Orbán's political director lists reasons for Hungary's blocking of Sweden's NATO accession

March 24. 2023. – 08:49 AM




The sentences which caused offence, have now been quoted by the Prime Minister's Political Director in a tweet:

  • “For the EU, large parts of the job still remain to break the development in Hungary, to put pressure on the Hungarian government and to support the increasingly strong opposition.” (3 March 2021 – Ulf Kristersson (then leader of the Moderate Party, now Prime Minister)
  • “It is now required that the EU act clearly and that the new conditionality mechanism stops payments to Hungary.” (30 June 2021 – Jessika Roswall (then EU spokesperson of the Moderate Party, now Minister for EU Affairs)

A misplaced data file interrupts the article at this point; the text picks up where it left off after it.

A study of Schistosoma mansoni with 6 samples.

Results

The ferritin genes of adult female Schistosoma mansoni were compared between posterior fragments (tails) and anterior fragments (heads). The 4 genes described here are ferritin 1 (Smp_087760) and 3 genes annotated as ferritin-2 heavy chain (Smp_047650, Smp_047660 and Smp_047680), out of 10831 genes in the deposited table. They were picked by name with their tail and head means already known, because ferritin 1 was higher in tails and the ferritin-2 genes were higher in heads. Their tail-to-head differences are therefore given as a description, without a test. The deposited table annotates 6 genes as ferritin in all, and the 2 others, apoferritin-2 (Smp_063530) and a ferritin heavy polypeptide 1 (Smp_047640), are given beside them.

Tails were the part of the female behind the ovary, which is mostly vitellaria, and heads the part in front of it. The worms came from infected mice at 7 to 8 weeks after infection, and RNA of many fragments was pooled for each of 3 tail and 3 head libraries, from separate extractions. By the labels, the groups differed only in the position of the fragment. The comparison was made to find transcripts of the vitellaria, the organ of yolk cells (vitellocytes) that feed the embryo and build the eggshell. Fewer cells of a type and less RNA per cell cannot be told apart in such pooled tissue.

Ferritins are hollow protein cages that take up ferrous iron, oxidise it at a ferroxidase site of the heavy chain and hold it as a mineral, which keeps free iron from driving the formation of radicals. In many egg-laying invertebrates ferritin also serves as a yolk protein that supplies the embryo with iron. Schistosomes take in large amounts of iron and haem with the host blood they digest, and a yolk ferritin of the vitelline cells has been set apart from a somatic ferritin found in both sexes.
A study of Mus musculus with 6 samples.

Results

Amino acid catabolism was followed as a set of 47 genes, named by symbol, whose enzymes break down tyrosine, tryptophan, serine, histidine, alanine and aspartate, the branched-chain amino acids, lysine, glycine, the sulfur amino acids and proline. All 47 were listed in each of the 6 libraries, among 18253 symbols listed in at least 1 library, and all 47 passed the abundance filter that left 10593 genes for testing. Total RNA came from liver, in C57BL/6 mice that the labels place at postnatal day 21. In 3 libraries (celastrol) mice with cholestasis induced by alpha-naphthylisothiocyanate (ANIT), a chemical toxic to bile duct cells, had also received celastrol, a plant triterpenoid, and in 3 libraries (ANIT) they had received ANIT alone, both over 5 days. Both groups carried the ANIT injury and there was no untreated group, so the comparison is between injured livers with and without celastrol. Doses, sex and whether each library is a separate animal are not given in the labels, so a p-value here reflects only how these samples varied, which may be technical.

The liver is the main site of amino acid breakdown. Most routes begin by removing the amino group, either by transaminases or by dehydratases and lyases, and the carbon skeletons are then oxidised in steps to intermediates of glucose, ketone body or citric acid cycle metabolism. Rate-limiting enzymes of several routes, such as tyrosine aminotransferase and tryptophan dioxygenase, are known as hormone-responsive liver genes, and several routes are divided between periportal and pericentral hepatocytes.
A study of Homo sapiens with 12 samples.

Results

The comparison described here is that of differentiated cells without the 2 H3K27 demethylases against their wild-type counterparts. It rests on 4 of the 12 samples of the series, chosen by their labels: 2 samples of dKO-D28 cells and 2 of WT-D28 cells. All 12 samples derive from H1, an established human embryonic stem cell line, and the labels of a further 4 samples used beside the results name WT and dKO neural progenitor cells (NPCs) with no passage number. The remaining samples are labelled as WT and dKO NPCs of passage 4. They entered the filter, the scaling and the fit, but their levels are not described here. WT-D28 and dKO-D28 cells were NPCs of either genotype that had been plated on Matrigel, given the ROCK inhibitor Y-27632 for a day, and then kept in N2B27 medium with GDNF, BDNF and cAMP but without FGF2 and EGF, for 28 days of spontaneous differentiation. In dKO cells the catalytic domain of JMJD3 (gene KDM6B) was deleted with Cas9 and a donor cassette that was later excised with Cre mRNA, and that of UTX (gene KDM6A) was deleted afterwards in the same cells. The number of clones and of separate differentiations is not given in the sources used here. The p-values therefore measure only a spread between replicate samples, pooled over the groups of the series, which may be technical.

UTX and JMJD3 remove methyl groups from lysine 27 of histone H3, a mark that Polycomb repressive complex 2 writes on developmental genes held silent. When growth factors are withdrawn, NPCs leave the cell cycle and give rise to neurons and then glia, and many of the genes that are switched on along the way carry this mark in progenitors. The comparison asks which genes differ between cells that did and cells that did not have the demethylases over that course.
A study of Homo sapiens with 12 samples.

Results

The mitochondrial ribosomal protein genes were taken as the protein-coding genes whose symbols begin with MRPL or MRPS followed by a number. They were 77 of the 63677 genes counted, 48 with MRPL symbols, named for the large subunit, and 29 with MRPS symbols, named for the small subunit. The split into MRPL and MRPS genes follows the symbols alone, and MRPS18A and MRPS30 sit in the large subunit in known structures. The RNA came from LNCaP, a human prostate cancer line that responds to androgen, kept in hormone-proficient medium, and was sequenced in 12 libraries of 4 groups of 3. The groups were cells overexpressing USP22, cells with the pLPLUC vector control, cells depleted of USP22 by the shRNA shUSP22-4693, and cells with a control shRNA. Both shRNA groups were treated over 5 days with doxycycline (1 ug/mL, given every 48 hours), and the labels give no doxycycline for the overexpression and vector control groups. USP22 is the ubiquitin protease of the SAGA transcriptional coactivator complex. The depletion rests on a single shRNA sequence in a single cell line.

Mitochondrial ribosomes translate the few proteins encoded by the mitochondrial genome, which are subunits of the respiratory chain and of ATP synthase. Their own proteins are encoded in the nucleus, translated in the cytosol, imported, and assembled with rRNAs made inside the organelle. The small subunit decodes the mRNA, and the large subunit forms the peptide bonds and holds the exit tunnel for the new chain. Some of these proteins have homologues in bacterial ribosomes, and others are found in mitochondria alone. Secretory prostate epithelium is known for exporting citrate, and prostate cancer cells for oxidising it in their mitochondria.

• „Hungary’s xenophobic and nationalist government continues to violate the principle of rule of law and wavers in supporting Ukraine.” (10 May 2022 – Johan Pehrson (then leader of the Liberal Party, now Minister for Employment and Integration)

Viktor Orbán's political director thus makes it clear that the majority in the Hungarian parliament is holding back Swedish accession to NATO because of statements made by Swedish politicians on other issues, that are critical of the current Hungarian government. In contrast, the vote on Finland's accession will be voted on in Parliament early next week. Balázs Orbán concludes his post with saying: "Good morning, Stockholm!".

The continued wrangling is somewhat interesting after a Hungarian parliamentary delegation visited both countries in March with the aim of resolving the differences. At the end of the diplomatic program, the delegation's leader, Csaba Hende, said that they were satisfied and supported Sweden's accession to NATO, but added that they had asked the Swedes "to stop saying that there is no rule of law in Hungary".